Unwound

by August O’Brien

There was once a man who noticed a thread in the corner of one of the books on his desk. He pulled at it and the cover came unwound. He kept pulling and the pages came unwound. He wanted to know where the thread would end, so he kept pulling and the carpet came unwound, the desk and the wallpaper.

The kids came back from school and they came unwound too. His wife came and started screaming:

“What have you done?”

But he kept pulling and her screams came unwound, and herself shortly after. The dog came unwound and the doghouse, and the garden and the house around him.

His arms were tired from all the pulling, but he kept at it because he wanted to know where it would end. Would everything come unwound? The trees and the bees, and the moon and the sun? So he pulled and his parents went, his friends, the school, the streets and everyone on them, the entire town, they all unwound before the thread ran out.

When the thread ran out there was nothing left except barren space and a mountain of twine. So he walked over to the next town, found a payphone, and called his out-of-town grandma.

“Grandma,” he said, “what do I do? I found a piece of thread and pulled it, and my whole life came unwound.”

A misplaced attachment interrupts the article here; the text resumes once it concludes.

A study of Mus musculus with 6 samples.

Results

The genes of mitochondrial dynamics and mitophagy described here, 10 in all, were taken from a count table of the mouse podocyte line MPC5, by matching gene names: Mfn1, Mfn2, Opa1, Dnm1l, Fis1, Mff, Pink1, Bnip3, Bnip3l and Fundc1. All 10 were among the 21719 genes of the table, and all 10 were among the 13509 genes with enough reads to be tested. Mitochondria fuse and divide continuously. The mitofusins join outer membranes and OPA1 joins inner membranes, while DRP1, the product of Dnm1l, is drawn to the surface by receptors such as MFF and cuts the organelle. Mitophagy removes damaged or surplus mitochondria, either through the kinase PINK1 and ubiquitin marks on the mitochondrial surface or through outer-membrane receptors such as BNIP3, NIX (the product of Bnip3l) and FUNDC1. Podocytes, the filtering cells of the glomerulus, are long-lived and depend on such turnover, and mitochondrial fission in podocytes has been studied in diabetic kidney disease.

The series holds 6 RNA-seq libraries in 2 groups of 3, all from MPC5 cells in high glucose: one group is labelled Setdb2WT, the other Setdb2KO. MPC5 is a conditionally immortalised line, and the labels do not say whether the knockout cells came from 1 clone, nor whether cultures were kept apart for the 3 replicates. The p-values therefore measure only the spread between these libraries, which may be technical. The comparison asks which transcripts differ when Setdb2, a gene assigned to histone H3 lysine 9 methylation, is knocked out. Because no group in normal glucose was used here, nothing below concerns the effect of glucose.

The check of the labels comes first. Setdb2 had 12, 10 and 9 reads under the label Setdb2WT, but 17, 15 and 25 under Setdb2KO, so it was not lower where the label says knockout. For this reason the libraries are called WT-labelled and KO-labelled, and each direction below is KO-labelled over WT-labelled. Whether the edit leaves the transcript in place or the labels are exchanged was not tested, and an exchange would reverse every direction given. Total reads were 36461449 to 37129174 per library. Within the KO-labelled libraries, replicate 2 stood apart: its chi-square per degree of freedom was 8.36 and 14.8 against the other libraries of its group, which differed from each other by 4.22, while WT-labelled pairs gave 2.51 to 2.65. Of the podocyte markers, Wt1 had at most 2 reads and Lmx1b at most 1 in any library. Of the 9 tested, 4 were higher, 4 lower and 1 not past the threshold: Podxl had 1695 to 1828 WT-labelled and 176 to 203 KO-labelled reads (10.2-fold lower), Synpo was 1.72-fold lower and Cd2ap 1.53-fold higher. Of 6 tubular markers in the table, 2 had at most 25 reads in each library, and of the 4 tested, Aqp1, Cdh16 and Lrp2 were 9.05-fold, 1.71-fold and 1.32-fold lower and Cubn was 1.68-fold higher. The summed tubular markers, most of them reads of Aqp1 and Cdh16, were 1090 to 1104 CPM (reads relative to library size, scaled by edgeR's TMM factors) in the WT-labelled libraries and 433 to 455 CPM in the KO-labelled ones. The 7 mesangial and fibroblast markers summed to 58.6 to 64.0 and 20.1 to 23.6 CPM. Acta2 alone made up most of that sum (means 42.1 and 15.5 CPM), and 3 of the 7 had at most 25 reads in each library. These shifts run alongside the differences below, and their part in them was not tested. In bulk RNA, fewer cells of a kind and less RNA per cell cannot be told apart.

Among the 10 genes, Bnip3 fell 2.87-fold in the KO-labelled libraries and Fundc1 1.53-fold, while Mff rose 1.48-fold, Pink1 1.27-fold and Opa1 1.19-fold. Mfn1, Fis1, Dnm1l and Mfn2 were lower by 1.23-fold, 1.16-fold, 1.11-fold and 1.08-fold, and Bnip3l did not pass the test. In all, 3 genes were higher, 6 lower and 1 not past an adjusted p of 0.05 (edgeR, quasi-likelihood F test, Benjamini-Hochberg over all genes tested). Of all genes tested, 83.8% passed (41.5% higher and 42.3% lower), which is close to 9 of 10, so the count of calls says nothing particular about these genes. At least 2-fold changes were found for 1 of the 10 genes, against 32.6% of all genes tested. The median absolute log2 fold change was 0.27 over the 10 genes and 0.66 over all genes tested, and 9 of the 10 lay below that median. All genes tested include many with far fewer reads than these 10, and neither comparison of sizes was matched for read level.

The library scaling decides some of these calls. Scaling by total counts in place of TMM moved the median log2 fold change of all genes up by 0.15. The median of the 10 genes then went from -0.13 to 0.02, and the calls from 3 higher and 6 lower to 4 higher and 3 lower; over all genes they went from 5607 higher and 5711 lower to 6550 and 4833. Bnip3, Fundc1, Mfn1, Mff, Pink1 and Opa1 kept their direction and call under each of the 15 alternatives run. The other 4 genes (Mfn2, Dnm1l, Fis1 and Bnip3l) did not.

“Boy,” she said, “you’d better learn knitting.”

So he bought a couple of knitting needles and a few knitting books and went back to his mountain of twine.

It took a long time and there were mistakes he had to unwind and knit again, but in the end everything came out right. Better than right. The wife was happier, the kids did better in school, the parents were healthier and the homeless now had houses of their own.

In fact, he did away with so many bad things that after all was knitted into place he still had enough twine for one extra person. Who could it be, he asked, and knitted himself. When he was done he sat on the couch with the idle needles in his hands. He also sat at the desk.

“How do you do?” he asked.

“How do you do?” he asked back.

Perfect.

He left his former life to his other self and went out into the world. There were many threads to pull and many things to knit right. He pulled at threads whenever he could find them. Most of them did nothing but occasionally, oh so rarely, the unwinding started. And then, nothing could stop him from pulling to the end and knitting things back as they should have been in the first place.

He unwound a playboy’s dozen girlfriends and knitted him a giant twenty foot one instead. He unwound a country and knitted it back into a map. He found the thread to a religion and pulled at it for years, following it around the world. When he was done, twine coiled the globe. That religion of men worshipping god, he knitted into one of gods worshipping man.

He unwound and knitted things big and small until one day, worn needles at his side, he realized he was no longer pulling at threads to knit the world a better place. The only hope that kept him pulling was the thought that one day, he would pull the thread that would unwind himself.

 


August O'Brien is the pen name of Dan Marian. He is a twenty-something writer currently living in Bucharest, Romania. The story above is the first of his work to be published, but hopefully not the last.